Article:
From our guest contributor, Michele Borba 

One of the inevitable facts of life is that everyone makes mistakes. Granted, some mistakes are more significant than others and harder to get over, but they are a part of life. How individuals deal with those mistakes is significant to their self-esteem.

There are many ways parents can help erase the idea that “mistakes are bad.” Keep in mind that changing behavior takes time and consistency. Finally, remember that your own way of dealing with mistakes is the most important lesson your child can ever leam on the subject. What follows are some suggestions to help your child erase the fear of making mistakes:

Make Mistakes “OK”
Tell Your Child, “It’s OK to make a mistake.” Too many children are suffering from perfectionism. They try to be perfect. When a mistake happens (as it’s bound to from time to time) the child is devastated and interprets this as meaning he/she is “unworthy.” Every now and then, tell your child, “It’s OK to make mistakes. It happens to all of us.”

Admit Your Own Mistakes
It is important for parents to admit they do make mistakes. Children see you as “all powerful and all knowing.” Obviously, parents do make mistakes, but, often-times, they keep them to themselves. Tell your child a mistake you’ve made recently. Discuss a mistake you remember making as a child.

Model Turning Your Mistake Around
Yes, parents make mistakes, but high-achieving individuals learn from their errors. As you admit your mistake, remember to tell your child what you will do differently the next time. You could say, “I made the mistake of… and this is what I’ll do instead….”

Share Mistakes of Famous Individuals
Anytime the opportunity arises, point out a mistake made by a famous individual so that your child recognizes mistakes happen to everyone. Books are rich with sources. Newspapers always have fresh ideas. Here are a few examples you could use:

  • Abraham Lincoln: Defeated for public office eight times before being elected President of the United States.
  • Wright Brothers: Took seventy times to get the Kitty Hawk off the ground.
  • Louisa May Alcott: Told by countless publishers that no one would ever read Little Women.
  • Babe Ruth: The year he hit the most home runs he had the most strike-outs.
  • Beethoven: Told by his music teacher that he was hopeless as a composer.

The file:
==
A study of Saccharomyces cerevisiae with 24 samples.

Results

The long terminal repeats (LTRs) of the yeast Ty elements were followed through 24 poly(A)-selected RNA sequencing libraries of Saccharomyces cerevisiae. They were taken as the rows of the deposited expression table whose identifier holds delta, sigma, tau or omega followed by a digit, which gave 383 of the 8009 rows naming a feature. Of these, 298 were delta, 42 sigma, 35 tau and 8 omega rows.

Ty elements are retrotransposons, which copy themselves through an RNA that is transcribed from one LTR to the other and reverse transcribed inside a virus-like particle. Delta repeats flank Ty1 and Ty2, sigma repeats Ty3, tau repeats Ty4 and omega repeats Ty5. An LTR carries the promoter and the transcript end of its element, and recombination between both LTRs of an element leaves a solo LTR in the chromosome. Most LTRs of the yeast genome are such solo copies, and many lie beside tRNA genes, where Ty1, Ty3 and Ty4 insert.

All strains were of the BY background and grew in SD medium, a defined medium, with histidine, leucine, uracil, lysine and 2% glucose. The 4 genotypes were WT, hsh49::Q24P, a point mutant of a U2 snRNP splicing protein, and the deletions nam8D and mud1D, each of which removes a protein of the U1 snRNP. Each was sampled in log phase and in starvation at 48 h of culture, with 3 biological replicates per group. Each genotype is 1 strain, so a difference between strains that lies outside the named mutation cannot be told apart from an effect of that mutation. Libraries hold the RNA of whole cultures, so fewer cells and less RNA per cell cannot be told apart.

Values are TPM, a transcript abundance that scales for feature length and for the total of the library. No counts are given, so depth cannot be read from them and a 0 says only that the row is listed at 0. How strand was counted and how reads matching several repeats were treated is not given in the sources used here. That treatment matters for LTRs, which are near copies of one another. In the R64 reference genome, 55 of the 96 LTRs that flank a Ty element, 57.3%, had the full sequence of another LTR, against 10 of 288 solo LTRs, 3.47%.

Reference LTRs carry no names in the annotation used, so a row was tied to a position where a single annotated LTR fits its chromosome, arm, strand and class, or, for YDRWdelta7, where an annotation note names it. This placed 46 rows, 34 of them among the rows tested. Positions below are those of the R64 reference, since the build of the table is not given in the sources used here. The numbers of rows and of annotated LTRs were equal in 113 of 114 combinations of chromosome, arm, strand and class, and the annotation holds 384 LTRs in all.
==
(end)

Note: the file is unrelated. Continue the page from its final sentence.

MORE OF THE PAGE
• Michael Joran: Cut from his high school basketball team.
  • Walt Disney: Fired by a newspaper editor for “lacking great ideas.” Went bankrupt several times and was told repeatedly to “get rid of the mouse because there’s no potential in it.”
  • Thomas Edison: Was told by his teacher that he was too stupid to learn anything.
  • Charles Darwin: Did poorly in his early grade and even failed a university medical course.
  • Woodrow Wilson: A Rhodes Scholar and President of the Uniter States didn’t learn the alphabet util he was eight and didn’t read until he was eleven.
  • Albert Einstein: Did not talk until age four or read until age nine. He failed his college entrance exams.
  • Wilma Rudolph: Contracted polio at age four, crippling her as a child. She was told she would never walk but decided to become a runner. She went on to win three Olympic gold medals and was named the “Fastest Woman in the World.”

Help Your Child Learn Positive Self-Talk
If you notice your child is very tense and concerned about making mistakes, help him/her learn to say inside his/her head a positive, affirming statement such as “I am calm and in control” or “I will try my best.” The more your child says the statement, the more he/she will begin to believe it.

Help Your Child Label the Mistake as the Problem, Not Himself
Often, the most self-devaluing part of making mistakes is not the mistake, but how the child chooses to interpret the error. Help your child admit he/she made a mistake (“I got this one wrong”) and then help him/her label the mistake as the problem and not himself/herself (“I forgot the the capital of Nevada”).

Plan a Strategy for Next Time
After your child can admit the mistake and relabels the mistake as the error (not himself/herself), the final step is to develop a plan for next time: “This is what I’ll do differently next time. I’ll study the capitals ten minutes a night for the next two weeks.”

 

Michele BorbaDr. Michele BorbaMichele Borba is an educational psychologist, parenting expert, TODAY show contributor and author of 22 books including The Big Book of Parenting Solutions: 101 Answers to Your Everyday Challenges and Wildest Worries and UnSelfie: Why Empathetic Kids Succeed in Our All-About-Me World.

Check out: micheleborba.com or follow her on Twitter @micheleborba.